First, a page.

Could Spray-On Solar Panels be the future of energy? There are many institutions and companies that are currently developing spray-on solar panels for mass production. Since spray-on solar panels can be used on uneven surfaces, this could hugely widen the amount of materials it could be used on to create renewable energy worldwide.
What Are Spray-On Solar Panels?
Spray-on solar panels are made from nanoparticles that absorb light and conduct electricity. The nanoparticles come from two common elements: phosphorus and zinc. The elements are combined and processed into a liquid which can be sprayed onto solar cells. The particles can also be dissolved to form an ink to be used in spray-coating or roll-to-roll printing. The ink is processed into thin films that are responsive to light.
Some of the benefits of spray-on solar panels include making manufacturing more affordable. This is because the product is made with a plastic compound instead of the expensive silicone found in traditional solar blue paneling. The spray-on cells are also easier to install, making costly solar panel installation fees a thing of the past. Since spray-on solar panels are easy to apply and have a cost efficient manufacturing process, they could be made available for widespread use and facilitate the introduction of solar cells to a variety of surfaces including automobiles, computers, apparel, and other uneven surfaces.
Buriak explains why this new technology is important, “half the world already lives off the grid, and with demand for electrical power expected to double by the year 2050, it is important that renewable energy sources like solar power are made more affordable, by lowering the costs of manufacturing.” The spray-on solar cell technology presents a low-cost, mass manufacturing solution, which makes the technology accessible to those living in developing countries.
What Impact Could Spray-On Solar Panels Have Globally?
Spray-on solar panels, from https://www.upsbatterycenter.com/blog/scientists-invent-spray-on-solar-cells/
There are many institutions around the world currently developing solar panel spray. One example involved a team of researchers at the University of Central Florida, who say that their new AI’s work on a special liquid called “perovskite” could one day be used to create spray-on solar cells. These “perovskite solar cells” (PSCs) would turn sunlight into energy, just like regular silicon-based solar panels. The team developed their recipe for spray-on solar cells by feeding a machine learning algorithm hundreds of data points from peer-reviewed publications about perovskite. By doing so, the system was able to predict which recipes would work best.
The team currently hopes that their machine-learning technique will give the solar panel spray the flexibility and efficiency it needs to function without being too expensive. Their research was further detailed in a paper published in the journal Advanced Energy Materials.
Meanwhile, another team of researchers from the Royal Melbourne Institute of Technology (RMIT) developed solar paint that generates energy from water vapor.
This paint works by absorbing moisture from the air with the synthetic molybdenum-sulphide that it contains, and uses solar energy to break the water molecules into hydrogen and oxygen, with help from the paint’s titanium oxide. The hydrogen can then be used to produce clean energy.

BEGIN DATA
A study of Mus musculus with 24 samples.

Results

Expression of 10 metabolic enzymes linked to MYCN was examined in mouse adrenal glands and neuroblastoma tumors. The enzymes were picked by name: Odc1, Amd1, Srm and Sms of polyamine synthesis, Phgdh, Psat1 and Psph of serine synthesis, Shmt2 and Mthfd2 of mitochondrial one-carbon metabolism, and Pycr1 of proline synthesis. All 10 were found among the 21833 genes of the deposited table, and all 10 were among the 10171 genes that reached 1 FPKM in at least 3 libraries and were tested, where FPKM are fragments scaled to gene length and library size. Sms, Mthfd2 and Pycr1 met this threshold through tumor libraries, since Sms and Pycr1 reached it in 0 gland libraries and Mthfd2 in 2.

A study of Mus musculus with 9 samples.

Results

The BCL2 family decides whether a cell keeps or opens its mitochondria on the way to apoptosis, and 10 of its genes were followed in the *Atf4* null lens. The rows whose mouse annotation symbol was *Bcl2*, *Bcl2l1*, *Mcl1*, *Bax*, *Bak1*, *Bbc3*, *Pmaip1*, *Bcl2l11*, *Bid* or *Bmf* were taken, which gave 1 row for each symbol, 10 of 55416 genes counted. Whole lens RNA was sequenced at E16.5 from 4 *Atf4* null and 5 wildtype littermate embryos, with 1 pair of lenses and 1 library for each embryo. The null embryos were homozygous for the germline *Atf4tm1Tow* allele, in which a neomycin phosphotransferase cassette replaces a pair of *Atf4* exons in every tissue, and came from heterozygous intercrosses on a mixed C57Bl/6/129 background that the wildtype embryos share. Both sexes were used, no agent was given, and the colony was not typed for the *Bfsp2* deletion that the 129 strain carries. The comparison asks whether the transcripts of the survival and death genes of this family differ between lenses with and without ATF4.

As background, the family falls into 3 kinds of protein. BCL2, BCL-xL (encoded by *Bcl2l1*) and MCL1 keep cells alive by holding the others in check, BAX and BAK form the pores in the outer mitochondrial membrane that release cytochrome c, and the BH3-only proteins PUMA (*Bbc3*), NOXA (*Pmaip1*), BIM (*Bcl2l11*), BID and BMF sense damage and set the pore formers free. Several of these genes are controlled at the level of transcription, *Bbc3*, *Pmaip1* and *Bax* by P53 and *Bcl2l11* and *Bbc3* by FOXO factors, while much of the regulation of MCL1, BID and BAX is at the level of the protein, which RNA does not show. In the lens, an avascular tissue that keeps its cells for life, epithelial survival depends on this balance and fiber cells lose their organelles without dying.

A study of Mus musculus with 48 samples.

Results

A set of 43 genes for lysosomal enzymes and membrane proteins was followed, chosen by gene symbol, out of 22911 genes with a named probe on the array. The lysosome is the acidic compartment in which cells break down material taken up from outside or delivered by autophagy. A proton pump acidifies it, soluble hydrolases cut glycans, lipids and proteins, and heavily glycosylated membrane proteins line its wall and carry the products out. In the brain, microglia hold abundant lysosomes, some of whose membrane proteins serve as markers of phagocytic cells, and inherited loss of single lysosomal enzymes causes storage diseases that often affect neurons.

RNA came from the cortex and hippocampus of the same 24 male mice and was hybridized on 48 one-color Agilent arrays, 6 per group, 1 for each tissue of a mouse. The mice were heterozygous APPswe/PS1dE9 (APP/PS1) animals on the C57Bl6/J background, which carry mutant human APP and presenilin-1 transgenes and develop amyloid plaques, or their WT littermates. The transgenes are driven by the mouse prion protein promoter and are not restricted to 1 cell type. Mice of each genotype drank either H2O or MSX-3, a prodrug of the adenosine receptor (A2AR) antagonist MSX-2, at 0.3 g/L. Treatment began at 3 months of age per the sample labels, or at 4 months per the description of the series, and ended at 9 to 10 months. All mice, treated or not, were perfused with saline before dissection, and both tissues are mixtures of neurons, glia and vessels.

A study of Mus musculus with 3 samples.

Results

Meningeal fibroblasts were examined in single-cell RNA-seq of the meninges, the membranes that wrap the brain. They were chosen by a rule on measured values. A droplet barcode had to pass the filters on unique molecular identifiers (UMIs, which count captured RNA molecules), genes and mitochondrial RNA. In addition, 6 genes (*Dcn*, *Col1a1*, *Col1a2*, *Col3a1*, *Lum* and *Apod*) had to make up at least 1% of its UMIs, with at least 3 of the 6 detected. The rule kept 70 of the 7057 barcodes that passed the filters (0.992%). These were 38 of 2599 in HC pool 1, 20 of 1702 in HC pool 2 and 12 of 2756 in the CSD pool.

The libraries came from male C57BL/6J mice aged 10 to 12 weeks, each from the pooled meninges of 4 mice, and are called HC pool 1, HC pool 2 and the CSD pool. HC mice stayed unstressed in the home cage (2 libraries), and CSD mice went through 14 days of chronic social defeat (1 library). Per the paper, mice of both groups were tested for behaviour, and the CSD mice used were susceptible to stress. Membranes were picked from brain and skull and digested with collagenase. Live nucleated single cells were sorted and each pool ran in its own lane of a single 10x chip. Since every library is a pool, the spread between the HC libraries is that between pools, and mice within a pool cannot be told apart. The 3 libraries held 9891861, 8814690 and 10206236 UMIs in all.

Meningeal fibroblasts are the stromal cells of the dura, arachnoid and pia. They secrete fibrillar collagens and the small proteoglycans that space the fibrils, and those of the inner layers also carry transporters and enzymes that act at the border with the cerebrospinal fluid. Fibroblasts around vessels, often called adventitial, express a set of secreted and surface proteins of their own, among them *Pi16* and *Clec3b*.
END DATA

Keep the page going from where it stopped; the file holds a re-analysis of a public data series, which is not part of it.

There are also companies that have developed their own spray-on technology, such as New Energy Technologies, Inc. New Energy Technologies has SolarWindow™ technology has spray-on technology that can transform everyday surfaces, such as windows, into energy-generating devices using both natural and artificial light sources, outperforming today’s commercial solar and thin-film technologies by as much as 10-fold under low-intensity irradiance.
New Energy researchers have developed a working prototype of the Company’s SolarWindow™ technology in preparation for eventual full-scale production. Their recently announced objectives for further development include low production costs, improved manufacturability, and increased power performance. Key to these advances is the development of new methods and technologies for applying New Energy’s electricity-generating coatings to glass surfaces.
What Impact Could Spray-On Solar Panels Have In Canada And KW?
There is also much research and development being done in Canada for spray-on solar panels as well. Scientist Jillian Buriak and her team of researchers from the University of Alberta are working on an experiment to produce solar cells from elements found inside the Earth’s crust. The experiment combined phosphorus and zinc, and the team found that this combination absorbed light and produced energy.
Buriak and her colleagues published a description of their solar cell-making process in a recent issue of the scientific journal ACS Nano. So far, her team has only made very small solar cells from their zinc phosphide nanoparticles, but they recently received funding from the Alberta government to apply the coating to larger sheets of plastic.
Though spray-on solar panels are still hugely in development, it is possible that they could become part of the future energy once they are more widely mass-produced. What do you think of spray-on solar panels? Let us know by tagging us at @SustainableWat!